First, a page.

The Top 5 European Countries for Starting Up a Small Business

While the UK was once an ideal place to base a business, in a post-Brexit world there are definite drawbacks that can’t be overlooked. So, if you’re just starting to put together ideas and funding for a small business, you might want to instead consider setting up in a continental European country where there are fewer restrictions and more lucrative opportunities.

What are the advantages of starting a start-up in Europe?

While the conventional narrative might be that Silicon Valley is the home of start-up success, Europe is the largest market in the world, with 500 million people. It’s also a better-placed market geographically for reaching emerging markets in Africa and Asia.

Not only that but Europe is packed full of talent. It’s home to some of the greatest universities in the world and the freedom of movement allowed by EU member states means that it’s incredibly simple to attract talent from other neighbouring countries. But of all the European countries, which are the best placed to offer your business start-up its ideal home?

Frankfurt Germany
The city of Frankfurt is considered an important financial hub in continental Europe


The largest economy in the continent and the 4th largest in the world, Germany is not only located in the dead centre of the EU but is a major global leader in everything from cars to technology and pharmaceuticals. The country also boasts a highly skilled labour force and exceptional education. Frankfurt in particular is consider a major city and financial hub of Europe after London and Paris.


Ireland has spent the years since the 2008 collapse bouncing back in a big way. With a 12.5% corporate tax rate, it’s incredibly hospitable for young businesses and there’s a great culture of financial aid in Ireland too. With Dublin home to a wealth of European headquarters like Google, Facebook, Twitter, Paypal, eBay, Indeed, LinkedIn, Airbnb, and Microsoft. Outside the capital Cork has Apple, Amazon, IBM and many more too.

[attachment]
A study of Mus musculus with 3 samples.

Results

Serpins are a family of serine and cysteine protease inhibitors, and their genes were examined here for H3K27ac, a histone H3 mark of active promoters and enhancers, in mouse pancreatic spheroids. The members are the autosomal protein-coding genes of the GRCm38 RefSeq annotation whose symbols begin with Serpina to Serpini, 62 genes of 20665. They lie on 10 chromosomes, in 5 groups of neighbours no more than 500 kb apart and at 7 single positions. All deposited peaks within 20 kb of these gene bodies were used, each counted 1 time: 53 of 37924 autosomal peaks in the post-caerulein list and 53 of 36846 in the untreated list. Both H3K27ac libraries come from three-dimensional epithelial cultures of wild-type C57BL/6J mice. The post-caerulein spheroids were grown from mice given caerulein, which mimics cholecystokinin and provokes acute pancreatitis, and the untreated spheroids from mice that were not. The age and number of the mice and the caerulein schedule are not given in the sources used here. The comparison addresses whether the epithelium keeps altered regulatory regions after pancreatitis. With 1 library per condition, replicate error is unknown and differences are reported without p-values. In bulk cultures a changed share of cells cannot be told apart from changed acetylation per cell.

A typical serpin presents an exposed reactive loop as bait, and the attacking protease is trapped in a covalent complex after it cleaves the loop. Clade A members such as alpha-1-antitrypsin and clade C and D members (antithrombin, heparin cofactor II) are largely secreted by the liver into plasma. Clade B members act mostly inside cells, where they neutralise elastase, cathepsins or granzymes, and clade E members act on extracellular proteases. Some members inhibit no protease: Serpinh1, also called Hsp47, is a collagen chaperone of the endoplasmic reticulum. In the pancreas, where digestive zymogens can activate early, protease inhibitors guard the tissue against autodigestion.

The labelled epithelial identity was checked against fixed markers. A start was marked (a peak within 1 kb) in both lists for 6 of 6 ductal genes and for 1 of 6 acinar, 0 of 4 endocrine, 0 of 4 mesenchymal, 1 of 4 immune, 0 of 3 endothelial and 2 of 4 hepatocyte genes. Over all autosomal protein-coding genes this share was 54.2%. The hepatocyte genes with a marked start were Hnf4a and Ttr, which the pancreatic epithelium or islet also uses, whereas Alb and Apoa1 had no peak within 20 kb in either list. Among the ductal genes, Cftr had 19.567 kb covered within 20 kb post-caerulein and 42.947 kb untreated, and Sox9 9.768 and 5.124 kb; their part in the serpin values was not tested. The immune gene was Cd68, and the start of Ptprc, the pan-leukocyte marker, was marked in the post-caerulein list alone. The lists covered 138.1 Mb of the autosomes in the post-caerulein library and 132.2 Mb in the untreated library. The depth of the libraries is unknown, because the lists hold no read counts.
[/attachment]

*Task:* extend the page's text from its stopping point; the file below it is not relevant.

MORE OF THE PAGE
In total Ireland has (source):

  • 9 of the top 10 global ICT companies
  • 8 of the top 10 gaming companies
  • 8 of the top 10 pharmaceutical companies
  • 6 of the 7 top diagnostics companies
  • 15 of the top 20 medical device companies
  • 50% of the world’s leading financial services companies

The Netherlands

The Dutch are renowned as international traders and with good reason. Not only is the country strategically placed to offer intercontinental and international travel but it’s a notoriously innovative country too. The government is also very open to foreign investment and the generally liberal views make it a much more tolerable place to work for many young people.


While it might have been a struggling nation in the early 20th century, even since they discovered oil in the 70s and spent the windfall wisely, Norway has been one of the most stable countries in the world. It boasts one of the world’s highest GDP per capita ratios and is very open to adopting new technologies.


While tax rates are high and VAT rates are even higher, Sweden is a country with no logistical hurdles for foreign investors and European startups. There is also a great culture of welfare support, an open market and very well-developed industrial sectors ranging from forestry to oil and telecommunications.

Of course, launching a successful new business in Europe requires the assistance of international experts in business risk advisory, who can assist you with market dynamics and advice on how to launch your business on the ground. By outsourcing these experts, you’ll be able to save a small fortune and come away from the experience with invaluable knowledge and a strategy to achieve something truly spectacular.